Knowledge for a sustainable world

Andrew Westby

Over 90,000 of the world's poorest farmers, many of them women living on less than a dollar a day, are taking advantage of new opportunities to increase their incomes, thanks to the C:AVA (Cassava: Adding Value for Africa) project, an ambitious international collaboration led by the Natural Resources Institute (NRI).

NRI and its major partners in five African countries have developed a network of 103 organisations, both public and private, who are working together to enable small-holders to gain more income through value addition to their principal crop, cassava.

The problem being addressed

This starchy root vegetable is an important staple food, relied on by millions in sub-Saharan Africa. Drought resistant, it thrives on poor soils with little need for fertilisers or pesticides, so is widely grown. Prices, however, can be very low, as the fresh roots have a short shelf-life and are difficult to transport.
Innovative solution

Backed by the Bill & Melinda Gates Foundation with a $16.6 million grant, the project, known as C:AVA (Cassava: Adding Value for Africa; ), has been conducting innovative work to boost the income farmers can get from their harvests. A new video that introduces the C:AVA project can be found here.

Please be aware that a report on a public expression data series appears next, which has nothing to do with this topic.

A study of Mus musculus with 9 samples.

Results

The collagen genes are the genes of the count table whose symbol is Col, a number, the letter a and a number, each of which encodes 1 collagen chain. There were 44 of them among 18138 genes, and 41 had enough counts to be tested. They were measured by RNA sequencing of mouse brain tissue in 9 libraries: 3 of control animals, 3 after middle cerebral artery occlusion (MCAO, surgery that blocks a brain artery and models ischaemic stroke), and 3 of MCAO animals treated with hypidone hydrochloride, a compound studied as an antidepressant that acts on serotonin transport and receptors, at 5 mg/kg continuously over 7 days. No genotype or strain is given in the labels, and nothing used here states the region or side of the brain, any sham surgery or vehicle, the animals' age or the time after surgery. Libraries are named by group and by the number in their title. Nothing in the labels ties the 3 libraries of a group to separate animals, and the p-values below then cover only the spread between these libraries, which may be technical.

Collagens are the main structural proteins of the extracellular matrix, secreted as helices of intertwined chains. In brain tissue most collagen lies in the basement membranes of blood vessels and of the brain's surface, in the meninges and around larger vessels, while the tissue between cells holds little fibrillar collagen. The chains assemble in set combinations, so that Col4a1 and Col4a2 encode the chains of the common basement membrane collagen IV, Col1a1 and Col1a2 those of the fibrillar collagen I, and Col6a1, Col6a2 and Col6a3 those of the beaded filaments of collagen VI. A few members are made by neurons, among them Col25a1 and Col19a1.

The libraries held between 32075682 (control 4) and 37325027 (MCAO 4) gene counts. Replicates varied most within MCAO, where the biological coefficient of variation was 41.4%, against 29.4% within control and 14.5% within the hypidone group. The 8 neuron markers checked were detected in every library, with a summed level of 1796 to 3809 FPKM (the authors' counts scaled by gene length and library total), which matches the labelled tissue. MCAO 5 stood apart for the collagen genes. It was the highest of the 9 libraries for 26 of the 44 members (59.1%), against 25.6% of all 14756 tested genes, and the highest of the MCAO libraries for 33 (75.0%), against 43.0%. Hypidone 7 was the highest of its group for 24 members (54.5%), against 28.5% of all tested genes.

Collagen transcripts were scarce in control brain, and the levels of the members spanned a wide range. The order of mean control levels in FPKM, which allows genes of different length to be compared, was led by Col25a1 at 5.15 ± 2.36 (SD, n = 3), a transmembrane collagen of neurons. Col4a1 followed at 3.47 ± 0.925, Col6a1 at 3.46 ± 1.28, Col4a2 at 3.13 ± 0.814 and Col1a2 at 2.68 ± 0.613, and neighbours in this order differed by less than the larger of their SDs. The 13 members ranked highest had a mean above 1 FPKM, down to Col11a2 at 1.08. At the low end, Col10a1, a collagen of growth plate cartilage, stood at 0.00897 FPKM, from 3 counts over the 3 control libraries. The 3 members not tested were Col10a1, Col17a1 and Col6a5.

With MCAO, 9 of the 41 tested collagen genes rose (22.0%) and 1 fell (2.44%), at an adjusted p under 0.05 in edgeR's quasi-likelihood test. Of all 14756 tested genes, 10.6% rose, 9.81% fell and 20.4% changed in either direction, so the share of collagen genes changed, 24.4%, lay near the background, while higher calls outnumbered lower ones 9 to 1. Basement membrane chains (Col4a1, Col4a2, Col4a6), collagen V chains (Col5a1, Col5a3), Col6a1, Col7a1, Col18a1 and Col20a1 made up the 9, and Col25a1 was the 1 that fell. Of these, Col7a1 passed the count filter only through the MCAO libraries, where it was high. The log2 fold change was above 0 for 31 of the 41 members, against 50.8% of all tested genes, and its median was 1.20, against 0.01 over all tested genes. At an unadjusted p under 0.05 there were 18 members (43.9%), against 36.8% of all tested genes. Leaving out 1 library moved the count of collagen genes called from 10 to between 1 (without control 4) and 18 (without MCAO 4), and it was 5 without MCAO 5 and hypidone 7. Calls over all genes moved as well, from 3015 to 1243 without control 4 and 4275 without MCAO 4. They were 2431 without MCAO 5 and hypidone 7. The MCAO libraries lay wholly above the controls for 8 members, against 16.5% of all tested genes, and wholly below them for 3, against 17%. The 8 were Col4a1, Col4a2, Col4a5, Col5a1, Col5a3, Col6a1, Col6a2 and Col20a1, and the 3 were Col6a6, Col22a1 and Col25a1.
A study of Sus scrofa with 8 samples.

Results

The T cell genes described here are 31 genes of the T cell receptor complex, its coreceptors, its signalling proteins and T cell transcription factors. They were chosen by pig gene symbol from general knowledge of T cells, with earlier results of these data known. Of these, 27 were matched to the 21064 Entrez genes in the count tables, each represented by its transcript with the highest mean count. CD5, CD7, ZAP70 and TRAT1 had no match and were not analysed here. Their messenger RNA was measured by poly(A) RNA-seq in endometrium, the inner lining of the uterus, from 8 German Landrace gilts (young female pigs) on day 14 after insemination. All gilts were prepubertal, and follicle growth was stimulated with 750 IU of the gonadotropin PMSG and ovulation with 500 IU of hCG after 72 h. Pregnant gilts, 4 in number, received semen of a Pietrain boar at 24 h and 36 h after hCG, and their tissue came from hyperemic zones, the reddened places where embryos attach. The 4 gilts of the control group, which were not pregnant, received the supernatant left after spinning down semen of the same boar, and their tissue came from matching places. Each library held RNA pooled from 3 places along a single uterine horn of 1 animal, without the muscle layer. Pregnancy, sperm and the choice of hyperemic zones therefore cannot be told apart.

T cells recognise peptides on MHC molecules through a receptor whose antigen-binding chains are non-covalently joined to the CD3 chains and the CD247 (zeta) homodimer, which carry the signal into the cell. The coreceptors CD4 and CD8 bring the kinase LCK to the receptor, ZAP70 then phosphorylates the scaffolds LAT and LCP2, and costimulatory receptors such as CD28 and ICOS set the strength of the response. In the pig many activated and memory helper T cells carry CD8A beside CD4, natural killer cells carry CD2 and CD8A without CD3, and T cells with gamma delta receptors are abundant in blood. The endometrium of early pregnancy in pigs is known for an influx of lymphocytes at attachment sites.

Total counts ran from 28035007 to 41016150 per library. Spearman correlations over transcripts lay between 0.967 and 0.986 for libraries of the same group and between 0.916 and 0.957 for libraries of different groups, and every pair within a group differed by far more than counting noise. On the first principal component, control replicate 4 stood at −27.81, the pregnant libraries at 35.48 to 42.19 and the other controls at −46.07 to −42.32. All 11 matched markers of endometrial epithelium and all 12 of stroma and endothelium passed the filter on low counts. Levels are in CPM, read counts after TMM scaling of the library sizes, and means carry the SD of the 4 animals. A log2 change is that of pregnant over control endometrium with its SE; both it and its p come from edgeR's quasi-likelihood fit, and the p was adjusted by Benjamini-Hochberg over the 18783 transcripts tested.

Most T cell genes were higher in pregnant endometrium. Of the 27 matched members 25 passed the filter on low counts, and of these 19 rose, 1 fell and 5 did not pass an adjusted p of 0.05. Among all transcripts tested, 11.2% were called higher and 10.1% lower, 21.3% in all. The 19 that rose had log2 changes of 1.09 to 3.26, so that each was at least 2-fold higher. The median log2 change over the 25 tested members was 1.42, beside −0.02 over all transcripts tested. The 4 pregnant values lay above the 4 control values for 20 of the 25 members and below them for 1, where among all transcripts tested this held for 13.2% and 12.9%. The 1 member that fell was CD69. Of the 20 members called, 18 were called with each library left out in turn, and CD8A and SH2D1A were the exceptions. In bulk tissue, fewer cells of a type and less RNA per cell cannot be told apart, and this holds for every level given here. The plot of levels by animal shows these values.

Based on previous UK and EC-funded research with the principal partners, the project links smallholders to national and international markets by supporting small and medium scale processing enterprises which turn their cassava into high-quality processed flour. This product is sold at premium prices as an alternative to expensive imported wheat flour and starches.

Key activities in the project include:

· Helping farmers boost their productivity and secure a consistent supply of high quality cassava. Supplies of new high-yielding varieties of the crop have been made available and farmers trained in new labour-saving cultivation techniques have been taught.

· Enabling farming households to add value to their cassava, by grating and drying it at home or in local processing facilities. The project provided training and support to buy new and better equipment.

· Supporting small and medium scale private sector companies. These fill a key role in the supply chain by buying fresh and dried cassava from smaller producers, turning it into flour and marketing it to manufacturers to meet larger orders. Training has been provided in business planning, negotiating and quality management.

· Developing markets for high quality cassava flour (HQCF) as a versatile raw material. Marketing and promotion has been carried out, with demonstrations for manufacturers on how to use cassava flour as a full or partial replacement for wheat flour.

Demonstrable success

Already, the project is achieving great results in all five countries. Cassava flour produced as a result of project activities is being used in baking, food manufacture and the production of paperboard and plywood. Just this year alone 3,000 tonnes of flour, worth ca. $1.9 million, was used by the plywood industry in Ghana. More than 18,500 tonnes (estimated value $9.3 million) was purchased by flour millers in Nigeria. In addition to cassava farmers, more than 4,000 community processors are also benefiting.

As the project continues, we are delighted to announce the production of a new video, which gives an excellent introduction to C:AVA and includes interviews with all the country managers. We have also refreshed the website with a new design and structure, stories of success and technical information on HQCF and cassava drying.